To break the impasse on public stockholding (PSH) for food security at the WTO–a top issue on India’s agenda for the 13th Ministerial Conference in Abu Dhabi next month– India could give an undertaking that it will not export from its public stock in return for a permanent solution that gives it flexibility on its MSP programmes, research body Global Trade Research Initiative (GTRI) has suggested.

“They (the US and some others) argue that India has become the largest rice exporter on account of its high price support through MSP. India may undertake not to export rice commercially from its PSH stock. India should get a clean, permanent solution to the public stockholding issue (in return),” per a GTRI brief on `breaking the impasse at the WTO on the PSH programme’. 

As rice production is water-intensive and cost of production is high, India will not suffer economically if its rice export declines, the paper argued.

India, which has on several occasions laid down that it did not export from its PSH stock, is unlikely to have any problem in adhering to an undertaking on the same, in exchange for a permanent solution.

Several developing countries, including members of  the G33 group, of which India is a part, the ACP group and the African Group, have called for a permanent solution to the problem of public stock holding as the Agreement on Agriculture does not allow them to provide food security subsidies, for programmes such as the MSP, beyond 10 per cent of production value.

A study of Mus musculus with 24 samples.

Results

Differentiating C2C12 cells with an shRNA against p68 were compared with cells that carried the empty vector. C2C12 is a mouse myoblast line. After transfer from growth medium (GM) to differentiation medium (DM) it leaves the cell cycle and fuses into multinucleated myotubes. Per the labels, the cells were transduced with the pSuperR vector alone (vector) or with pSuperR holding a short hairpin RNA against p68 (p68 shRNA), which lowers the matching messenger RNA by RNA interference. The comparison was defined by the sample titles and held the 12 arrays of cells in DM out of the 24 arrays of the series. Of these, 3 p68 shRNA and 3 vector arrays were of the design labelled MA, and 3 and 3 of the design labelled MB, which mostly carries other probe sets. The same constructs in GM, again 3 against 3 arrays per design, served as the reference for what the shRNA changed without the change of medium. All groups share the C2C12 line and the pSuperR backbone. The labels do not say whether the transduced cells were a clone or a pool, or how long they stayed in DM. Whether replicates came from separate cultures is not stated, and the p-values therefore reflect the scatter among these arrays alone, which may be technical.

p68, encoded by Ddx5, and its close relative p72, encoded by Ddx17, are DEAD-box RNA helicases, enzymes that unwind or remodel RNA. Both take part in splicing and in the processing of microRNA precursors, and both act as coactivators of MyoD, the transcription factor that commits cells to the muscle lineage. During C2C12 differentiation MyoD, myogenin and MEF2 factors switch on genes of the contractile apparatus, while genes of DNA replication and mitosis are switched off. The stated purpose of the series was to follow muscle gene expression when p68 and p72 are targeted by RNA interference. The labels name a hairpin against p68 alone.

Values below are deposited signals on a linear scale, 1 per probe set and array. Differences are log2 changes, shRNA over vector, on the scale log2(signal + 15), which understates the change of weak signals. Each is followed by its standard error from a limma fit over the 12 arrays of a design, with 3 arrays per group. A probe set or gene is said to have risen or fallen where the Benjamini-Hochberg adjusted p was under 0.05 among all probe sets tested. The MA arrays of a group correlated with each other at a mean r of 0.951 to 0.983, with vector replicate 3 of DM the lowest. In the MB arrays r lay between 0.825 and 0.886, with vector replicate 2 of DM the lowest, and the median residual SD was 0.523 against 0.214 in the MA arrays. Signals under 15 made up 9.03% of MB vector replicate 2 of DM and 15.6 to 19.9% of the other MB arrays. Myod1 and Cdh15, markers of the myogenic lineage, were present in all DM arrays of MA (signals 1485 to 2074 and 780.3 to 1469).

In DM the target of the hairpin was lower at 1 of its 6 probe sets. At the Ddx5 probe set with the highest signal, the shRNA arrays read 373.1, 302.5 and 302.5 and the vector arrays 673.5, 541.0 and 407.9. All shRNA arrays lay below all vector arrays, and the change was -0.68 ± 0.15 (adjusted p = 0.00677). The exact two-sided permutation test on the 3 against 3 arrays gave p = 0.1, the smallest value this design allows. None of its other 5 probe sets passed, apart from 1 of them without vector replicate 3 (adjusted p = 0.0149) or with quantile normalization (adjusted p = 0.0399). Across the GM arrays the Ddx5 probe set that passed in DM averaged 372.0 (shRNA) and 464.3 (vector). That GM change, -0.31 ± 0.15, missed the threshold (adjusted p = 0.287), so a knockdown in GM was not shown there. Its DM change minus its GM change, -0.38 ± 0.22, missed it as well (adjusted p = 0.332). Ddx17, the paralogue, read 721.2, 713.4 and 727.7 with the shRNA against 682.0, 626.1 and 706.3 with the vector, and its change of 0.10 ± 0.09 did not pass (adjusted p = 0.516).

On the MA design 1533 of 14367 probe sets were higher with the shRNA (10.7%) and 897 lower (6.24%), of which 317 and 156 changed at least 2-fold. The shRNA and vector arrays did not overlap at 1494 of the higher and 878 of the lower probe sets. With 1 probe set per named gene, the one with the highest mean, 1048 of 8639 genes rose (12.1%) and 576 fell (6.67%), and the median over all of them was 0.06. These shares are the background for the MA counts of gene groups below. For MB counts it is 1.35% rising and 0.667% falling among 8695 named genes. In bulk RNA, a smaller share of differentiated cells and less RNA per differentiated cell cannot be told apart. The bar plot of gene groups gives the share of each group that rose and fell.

Permanent solution

The Bali Ministerial decision of 2013 allowed developing countries a peace clause invoking which they can breach the subsidy limit without attracting legal action from other members. But India and the others want a permanent solution to the issue. This would ensure that the provision gets enshrined in the WTO rules and the need for onerous notifications and limiting the MSP coverage to only some crops can be relaxed.

“Reaching an agreement on PSH is difficult as developed countries led by the US are not in favour even though it is not a trade but livelihood issue,” the note pointed out indicating that India needed to play its cards well. 

It further suggested that India could consider adjusting its farm policy to categorise its support programmes under the ‘blue box’ subsidies (subsidies that come with the provision of limiting production). Blue box subsidies come with no limits on spending. “This would involve setting higher production targets for specific crops and restricting support to 75 per cent of the output. While capping production could be politically sensitive, setting ambitious targets could overcome any resistance,” the note suggested.